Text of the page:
ANNOUNCER: In other words, studies have shown some potentially serious physical consequences can arise as a result of chronic sleep loss.
EVE VAN CAUTER, PhD: Sleep loss has an adverse effect on our ability to metabolize sugar. In one week of severe sleep deprivation, such as four hours per night, a healthy, lean, fit volunteer will be in a pre-diabetic state.
With sleep loss, we have also noticed an increase in hunger and appetite and profound alterations in hormones that regulate hunger and appetite. Such that, when you're sleep-deprived, you may overeat well in excess of the caloric demands, and, therefore, sleep loss is probably also a risk factor for weight gain and obesity.
ANNOUNCER: Lack of sleep can set off a variety of hormonal changes, affecting our mood and even our growth.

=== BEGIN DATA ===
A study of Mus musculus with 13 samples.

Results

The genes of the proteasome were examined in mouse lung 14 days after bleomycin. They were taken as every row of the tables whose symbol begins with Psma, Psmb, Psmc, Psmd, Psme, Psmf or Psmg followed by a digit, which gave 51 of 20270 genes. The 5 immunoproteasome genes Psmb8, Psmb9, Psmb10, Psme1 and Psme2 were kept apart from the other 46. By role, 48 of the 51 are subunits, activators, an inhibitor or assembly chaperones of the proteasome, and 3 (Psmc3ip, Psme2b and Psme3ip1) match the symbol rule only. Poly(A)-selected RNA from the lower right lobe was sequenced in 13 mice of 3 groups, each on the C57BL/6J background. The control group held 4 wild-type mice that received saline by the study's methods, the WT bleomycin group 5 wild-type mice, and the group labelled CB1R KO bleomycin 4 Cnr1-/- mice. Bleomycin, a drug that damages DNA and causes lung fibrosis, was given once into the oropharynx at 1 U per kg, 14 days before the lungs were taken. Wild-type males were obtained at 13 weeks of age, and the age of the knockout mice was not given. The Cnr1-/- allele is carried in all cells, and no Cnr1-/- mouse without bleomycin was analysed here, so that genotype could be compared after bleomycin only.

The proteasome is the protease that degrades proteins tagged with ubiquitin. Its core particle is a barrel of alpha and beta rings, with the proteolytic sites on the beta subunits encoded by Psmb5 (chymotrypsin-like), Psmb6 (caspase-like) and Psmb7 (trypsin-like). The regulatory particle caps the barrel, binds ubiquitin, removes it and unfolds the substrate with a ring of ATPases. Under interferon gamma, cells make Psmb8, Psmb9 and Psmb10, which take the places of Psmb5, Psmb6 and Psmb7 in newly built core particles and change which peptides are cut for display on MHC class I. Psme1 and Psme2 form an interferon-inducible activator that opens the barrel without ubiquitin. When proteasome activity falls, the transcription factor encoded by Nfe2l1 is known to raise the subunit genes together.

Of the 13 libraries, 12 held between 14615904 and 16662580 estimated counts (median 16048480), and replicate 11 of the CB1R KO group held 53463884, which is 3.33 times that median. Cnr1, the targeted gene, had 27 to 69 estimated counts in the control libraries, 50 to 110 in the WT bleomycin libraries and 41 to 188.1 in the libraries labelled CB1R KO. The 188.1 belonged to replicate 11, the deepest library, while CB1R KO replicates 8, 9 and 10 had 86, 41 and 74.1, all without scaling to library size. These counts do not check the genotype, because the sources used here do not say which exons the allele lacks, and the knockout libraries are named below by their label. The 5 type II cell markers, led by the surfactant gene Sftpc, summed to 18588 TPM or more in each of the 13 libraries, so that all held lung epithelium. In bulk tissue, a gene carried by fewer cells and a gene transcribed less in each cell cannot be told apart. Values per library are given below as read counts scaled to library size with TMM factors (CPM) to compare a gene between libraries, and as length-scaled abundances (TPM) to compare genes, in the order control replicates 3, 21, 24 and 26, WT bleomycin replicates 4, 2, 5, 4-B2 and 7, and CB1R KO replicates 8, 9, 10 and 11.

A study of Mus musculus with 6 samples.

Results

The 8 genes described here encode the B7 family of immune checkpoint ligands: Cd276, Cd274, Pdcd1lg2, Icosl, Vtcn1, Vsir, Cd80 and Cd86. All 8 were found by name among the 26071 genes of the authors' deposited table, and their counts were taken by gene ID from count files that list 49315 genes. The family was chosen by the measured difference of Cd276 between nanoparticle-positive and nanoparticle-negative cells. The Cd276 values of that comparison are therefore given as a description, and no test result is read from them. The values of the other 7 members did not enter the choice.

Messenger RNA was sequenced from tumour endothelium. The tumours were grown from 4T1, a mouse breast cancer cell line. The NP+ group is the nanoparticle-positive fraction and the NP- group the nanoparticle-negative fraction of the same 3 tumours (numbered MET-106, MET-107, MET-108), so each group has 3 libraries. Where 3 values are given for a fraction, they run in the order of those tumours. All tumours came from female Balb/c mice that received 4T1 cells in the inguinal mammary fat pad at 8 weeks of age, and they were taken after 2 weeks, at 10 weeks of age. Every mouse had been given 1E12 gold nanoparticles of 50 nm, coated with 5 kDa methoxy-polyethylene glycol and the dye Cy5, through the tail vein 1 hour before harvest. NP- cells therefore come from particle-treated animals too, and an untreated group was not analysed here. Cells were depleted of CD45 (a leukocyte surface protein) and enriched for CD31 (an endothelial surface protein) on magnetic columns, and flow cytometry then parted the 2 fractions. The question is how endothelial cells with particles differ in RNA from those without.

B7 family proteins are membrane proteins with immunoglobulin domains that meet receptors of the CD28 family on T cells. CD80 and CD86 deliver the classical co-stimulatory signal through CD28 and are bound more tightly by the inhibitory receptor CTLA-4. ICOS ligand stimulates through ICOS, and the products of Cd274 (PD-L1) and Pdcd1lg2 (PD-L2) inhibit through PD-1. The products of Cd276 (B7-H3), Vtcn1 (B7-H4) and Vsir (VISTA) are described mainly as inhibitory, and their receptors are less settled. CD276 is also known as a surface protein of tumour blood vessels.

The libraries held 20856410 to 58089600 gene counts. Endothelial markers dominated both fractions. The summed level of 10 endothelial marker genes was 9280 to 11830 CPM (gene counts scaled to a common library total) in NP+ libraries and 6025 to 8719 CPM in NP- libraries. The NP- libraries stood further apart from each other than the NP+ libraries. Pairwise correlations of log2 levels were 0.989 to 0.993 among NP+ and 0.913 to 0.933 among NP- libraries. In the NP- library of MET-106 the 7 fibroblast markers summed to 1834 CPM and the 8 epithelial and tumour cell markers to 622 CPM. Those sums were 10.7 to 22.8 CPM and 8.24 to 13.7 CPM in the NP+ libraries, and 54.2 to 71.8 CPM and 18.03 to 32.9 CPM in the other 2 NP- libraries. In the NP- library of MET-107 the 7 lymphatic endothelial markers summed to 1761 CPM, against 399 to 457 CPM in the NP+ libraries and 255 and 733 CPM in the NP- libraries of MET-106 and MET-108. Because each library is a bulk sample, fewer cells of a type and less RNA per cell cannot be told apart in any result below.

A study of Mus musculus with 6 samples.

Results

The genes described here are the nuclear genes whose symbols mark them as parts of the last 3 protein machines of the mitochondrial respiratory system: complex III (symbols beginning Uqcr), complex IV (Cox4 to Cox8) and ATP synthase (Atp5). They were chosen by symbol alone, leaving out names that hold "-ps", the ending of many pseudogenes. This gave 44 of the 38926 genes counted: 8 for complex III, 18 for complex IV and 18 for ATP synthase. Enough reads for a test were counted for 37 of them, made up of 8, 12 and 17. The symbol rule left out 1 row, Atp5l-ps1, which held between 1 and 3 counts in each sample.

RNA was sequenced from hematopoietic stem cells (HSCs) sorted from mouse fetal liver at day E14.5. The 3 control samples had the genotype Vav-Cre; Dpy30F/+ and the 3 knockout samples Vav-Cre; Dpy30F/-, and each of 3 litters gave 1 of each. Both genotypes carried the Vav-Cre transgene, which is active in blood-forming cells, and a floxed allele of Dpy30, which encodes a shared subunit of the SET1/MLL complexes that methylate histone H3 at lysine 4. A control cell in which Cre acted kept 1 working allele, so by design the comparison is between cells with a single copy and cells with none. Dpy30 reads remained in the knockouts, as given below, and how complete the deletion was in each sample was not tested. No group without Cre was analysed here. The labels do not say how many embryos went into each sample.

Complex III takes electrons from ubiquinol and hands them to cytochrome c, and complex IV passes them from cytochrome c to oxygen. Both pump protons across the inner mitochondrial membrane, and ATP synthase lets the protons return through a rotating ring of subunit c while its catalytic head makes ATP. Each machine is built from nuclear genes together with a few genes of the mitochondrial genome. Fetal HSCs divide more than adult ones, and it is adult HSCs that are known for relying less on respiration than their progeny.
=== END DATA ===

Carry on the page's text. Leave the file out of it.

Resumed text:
EVE VAN CAUTER, PhD: Cortisol, which is a stress hormone, and normally cortisol is very low in the evening, because it sort of prepares us for a relaxed state to go to sleep. But in a state of sleep debt, cortisol levels in the evening are elevated. So somehow, a state of sleep loss is read as a stressor.
ELLEN MILLER, MD: As young girls and boys enter puberty, they have pulsations of different hormones from their brain that put them into puberty. And these pulsations occur at night while they're sleeping. So if they are not on a normal sleep-wake cycle, this can interfere with the pulsatile secretion of these hormones and it can affect when and how they go through puberty. And with going through puberty, affects their height and their growth.